Anti-corruption drive renewed

UNDERWORLD POLITICS A culture of bribery and the large number of convicted criminals among the island's lawmakers is an accepted fact of life for many, but new laws and renewed zeal by the Judicial Yuan offer some hope for radical change

By Irene Lin  /  STAFF REPORTER

Under the existing rules, those who are appealing conviction can still run for public office. As a result there is the phenomenon widely seen on this island, of public representatives who have been convicted but are still appealing to higher court.

The Justice Ministry, coincidentally, uses Wu as an example of this kind of representative to highlight loopholes in the existing rules. It has thus recommended that anyone having been convicted of a crime, which is punishable by death, life, or above ten-year imprisonment, be prohibited from running for any public office, whether appeals continue or not.

While law-enforcement officials themselves have high expectations for these legal changes, critics cast doubts over their impact on the mafia politics of Taiwan.

"What could the changes do with people who are mafia leaders but have never had criminal charges brought against them?" said DPP legislator Chiu Tai-san (邱太三), who was a convener of the judicial committee of the legislature last session.

"It might help deter some bad guys from running for public office. But it can do nothing about the mafia leaders whose election is secure as long as they have got the money and the power," Chiu said. "As far as I'm concerned, vote-buying is everything that makes our political environment such a mess."

"We're assured from time to time that the government is doing something to fight election bribery. But the result is that we've always been disappointed and now I don't even have the minimum of faith in pledges of this kind," Chiu said.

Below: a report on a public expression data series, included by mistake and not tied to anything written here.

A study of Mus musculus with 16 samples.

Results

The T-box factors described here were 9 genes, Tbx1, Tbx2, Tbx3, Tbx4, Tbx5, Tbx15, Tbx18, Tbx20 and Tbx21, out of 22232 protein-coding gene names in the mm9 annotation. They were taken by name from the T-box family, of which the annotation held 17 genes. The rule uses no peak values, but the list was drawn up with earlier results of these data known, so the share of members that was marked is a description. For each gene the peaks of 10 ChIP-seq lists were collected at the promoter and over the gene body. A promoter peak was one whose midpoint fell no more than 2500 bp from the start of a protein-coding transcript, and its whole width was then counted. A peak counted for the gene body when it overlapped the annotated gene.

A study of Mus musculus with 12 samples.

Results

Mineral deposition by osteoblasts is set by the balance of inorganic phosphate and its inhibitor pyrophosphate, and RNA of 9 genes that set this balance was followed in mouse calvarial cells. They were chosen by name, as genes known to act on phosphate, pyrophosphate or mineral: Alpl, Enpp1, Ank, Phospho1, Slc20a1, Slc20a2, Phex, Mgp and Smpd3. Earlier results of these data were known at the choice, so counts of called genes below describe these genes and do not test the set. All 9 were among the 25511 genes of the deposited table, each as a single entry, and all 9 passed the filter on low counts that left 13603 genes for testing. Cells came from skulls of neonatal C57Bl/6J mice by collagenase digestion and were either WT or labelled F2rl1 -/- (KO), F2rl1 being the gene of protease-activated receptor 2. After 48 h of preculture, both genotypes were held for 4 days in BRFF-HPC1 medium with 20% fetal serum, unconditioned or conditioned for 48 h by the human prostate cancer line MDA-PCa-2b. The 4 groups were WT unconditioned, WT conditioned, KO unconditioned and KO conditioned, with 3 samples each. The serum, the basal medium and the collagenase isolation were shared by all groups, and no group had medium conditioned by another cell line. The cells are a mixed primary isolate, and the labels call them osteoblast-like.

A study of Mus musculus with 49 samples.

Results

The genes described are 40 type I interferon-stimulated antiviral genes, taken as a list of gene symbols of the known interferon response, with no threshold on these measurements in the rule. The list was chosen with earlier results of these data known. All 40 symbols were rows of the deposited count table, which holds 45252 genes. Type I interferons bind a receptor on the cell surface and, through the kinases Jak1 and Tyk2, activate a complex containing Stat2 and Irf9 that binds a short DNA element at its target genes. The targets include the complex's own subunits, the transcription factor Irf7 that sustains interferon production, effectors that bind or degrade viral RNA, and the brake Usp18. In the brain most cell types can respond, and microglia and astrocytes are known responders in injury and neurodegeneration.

VOTE BUYING

Justice Minister Yeh Chin-fong (葉金鳳) has recently talked about law-enforcement achievements in cracking down on election bribery. Over 9,000 people have been prosecuted for taking or giving bribes during election campaigns since 1993, she claimed. This figure, however, does not entail it was a result of the government's determination to crack down on election bribery, critics said.

"I was a prosecutor before and I know prosecution doesn't imply determination. The real determinant is how the prosecutor wins a conviction in the particular case," Chiu said.

The conviction rate in election briberies is too low in this country and too few elected public representatives have ever been found guilty of bribery. The more evidence the prosecution can present to court, the more secure is the chance of conviction. Nevertheless, most of those charged with election bribery have been acquitted on the grounds of insufficient evidence.

"The Justice Ministry is responsible for that," Chiu said. "The low conviction rate is expected as the prosecutors don't do enough to collect the evidence. And the real irony to me is the ministry has been producing a sort of certificate by which these mafia can assert their `innocence.'"

It is not unusual for those from the prosecutorial system to face such stinging criticism as that from Chiu. They do feel that, however, the general public does not assess their work fairly.

"It's not an excuse but a matter of fact that tracking the act of election bribery is extremely difficult," said Yen Da-ho (顏大和), director of the department of prosecutorial affairs, under the justice ministry.

Yen said vote-buying often takes the form of oral agreements, without any written records. And the bribe money can easily be disguised as personal loans, he said.